Save the Whales; Harpoon a Fat Chick.
I'm stunned, indignant -and a little envious of the on-the-nose writing skills. Seriously, how many people can you insult in seven words? This bumper sticker has to win some sort of sick prize.
One thing I do with students is to walk into a classroom and ask them immediately to write down what kind of car I drive. (I got busted once for not knowing the answer, but that's another story.) Of course I don't care and they don't care and the "test" isn't graded. The point is that we all make instant unconscious assessments of people with very little information. And if we were consistently wrong in those assessments, we'd stop doing it. In fact, it's a useful tool a lot of the time -especially if we become aware of the process and acknowledge that sometimes we're wrong, too.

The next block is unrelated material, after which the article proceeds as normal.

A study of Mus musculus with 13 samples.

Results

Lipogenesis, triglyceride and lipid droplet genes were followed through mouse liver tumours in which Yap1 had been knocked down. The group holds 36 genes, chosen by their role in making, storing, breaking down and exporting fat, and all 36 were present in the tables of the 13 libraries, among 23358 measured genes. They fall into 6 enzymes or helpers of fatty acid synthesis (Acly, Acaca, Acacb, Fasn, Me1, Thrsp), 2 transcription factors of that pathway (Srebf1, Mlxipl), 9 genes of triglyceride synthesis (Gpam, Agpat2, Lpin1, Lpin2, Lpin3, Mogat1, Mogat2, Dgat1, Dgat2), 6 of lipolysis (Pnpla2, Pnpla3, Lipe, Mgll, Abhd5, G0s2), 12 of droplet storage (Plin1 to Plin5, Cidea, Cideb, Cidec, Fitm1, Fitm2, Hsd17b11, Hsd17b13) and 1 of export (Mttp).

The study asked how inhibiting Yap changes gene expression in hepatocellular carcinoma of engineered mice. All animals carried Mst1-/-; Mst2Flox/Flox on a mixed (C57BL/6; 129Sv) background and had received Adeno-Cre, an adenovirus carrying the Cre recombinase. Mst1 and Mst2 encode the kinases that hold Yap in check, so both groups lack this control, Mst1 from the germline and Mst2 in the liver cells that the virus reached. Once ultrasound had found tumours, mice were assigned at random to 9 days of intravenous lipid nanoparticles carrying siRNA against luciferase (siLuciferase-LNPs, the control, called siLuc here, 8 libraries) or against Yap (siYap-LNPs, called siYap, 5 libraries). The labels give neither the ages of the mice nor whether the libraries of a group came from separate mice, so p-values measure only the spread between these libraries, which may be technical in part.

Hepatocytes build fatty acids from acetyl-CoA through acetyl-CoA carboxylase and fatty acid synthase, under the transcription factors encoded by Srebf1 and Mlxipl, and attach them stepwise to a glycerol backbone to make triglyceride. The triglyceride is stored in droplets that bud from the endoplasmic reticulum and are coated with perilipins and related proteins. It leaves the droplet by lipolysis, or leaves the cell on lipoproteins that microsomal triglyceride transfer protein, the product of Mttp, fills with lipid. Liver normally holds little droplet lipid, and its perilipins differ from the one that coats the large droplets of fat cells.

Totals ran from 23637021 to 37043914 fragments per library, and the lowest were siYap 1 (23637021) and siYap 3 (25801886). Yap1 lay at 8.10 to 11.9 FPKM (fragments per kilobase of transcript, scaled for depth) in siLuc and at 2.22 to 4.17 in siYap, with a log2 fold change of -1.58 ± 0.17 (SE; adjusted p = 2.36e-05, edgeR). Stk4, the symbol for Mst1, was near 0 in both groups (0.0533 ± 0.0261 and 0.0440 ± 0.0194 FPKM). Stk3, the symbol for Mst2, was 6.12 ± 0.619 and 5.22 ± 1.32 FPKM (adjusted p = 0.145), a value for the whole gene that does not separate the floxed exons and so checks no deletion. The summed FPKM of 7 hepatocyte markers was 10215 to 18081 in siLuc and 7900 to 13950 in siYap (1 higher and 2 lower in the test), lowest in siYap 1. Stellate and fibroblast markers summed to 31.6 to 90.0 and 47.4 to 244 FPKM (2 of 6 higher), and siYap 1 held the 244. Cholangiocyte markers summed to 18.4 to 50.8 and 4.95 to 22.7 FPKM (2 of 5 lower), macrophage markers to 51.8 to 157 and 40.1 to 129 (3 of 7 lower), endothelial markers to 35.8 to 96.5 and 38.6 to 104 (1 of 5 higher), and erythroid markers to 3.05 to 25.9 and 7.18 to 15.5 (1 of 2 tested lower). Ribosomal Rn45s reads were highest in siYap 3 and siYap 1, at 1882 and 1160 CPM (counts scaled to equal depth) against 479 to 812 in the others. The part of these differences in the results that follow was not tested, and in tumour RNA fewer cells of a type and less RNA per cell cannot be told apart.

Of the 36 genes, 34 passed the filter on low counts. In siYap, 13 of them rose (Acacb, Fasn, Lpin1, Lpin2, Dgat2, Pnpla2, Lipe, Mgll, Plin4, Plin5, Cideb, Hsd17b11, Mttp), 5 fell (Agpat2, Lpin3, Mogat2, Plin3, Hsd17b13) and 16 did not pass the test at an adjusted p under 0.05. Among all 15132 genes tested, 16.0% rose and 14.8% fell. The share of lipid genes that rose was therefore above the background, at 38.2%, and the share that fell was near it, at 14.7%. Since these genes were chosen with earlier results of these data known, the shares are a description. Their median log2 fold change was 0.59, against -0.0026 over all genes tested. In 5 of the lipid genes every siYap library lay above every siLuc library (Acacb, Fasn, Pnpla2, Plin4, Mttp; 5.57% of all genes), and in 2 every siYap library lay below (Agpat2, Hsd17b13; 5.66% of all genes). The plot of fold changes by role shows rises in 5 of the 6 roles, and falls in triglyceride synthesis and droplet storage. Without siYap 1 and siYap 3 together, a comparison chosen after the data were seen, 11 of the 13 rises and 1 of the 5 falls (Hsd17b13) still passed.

Bumper stickers are part of the information we gather about people. Yes, they are frequently sound bite answers to complex questions, even when I agree with the sentiment. And yes, it's a little aggressive to publicize your political viewpoint in an arena where there is no possibility for dialogue. Nonetheless, I think I'd rather hang out with the person whose car says "Coexist" or "Will Teach for Food" or "Greenpeace" or has a big W with a slash through it than with the guy who advocates (even as a joke) harpooning fat women.
I'm glad, a little bit, to have a clue about what an interaction with this person is apt to be like. I know, for example, I'm not crazy about driving around a person with an NRA sticker on his car. I'm exhausted, sometimes, by how much not-quite-latent anger people are willing to carry around and publicize. I'm almost defeated by the cruel stereotypes we all walk around with.
And damn it, I'm going to get a bumper sticker for my car that says "This bumper isn't big enough for all the thoughts in my head. Let's talk." Or perhaps "Honk if you Like Critical Thinking". Maybe what people will assume about me is that I'm a thoughtful person who is interested in what other people think, too -a person who doesn't claim to have easy answers to hard questions.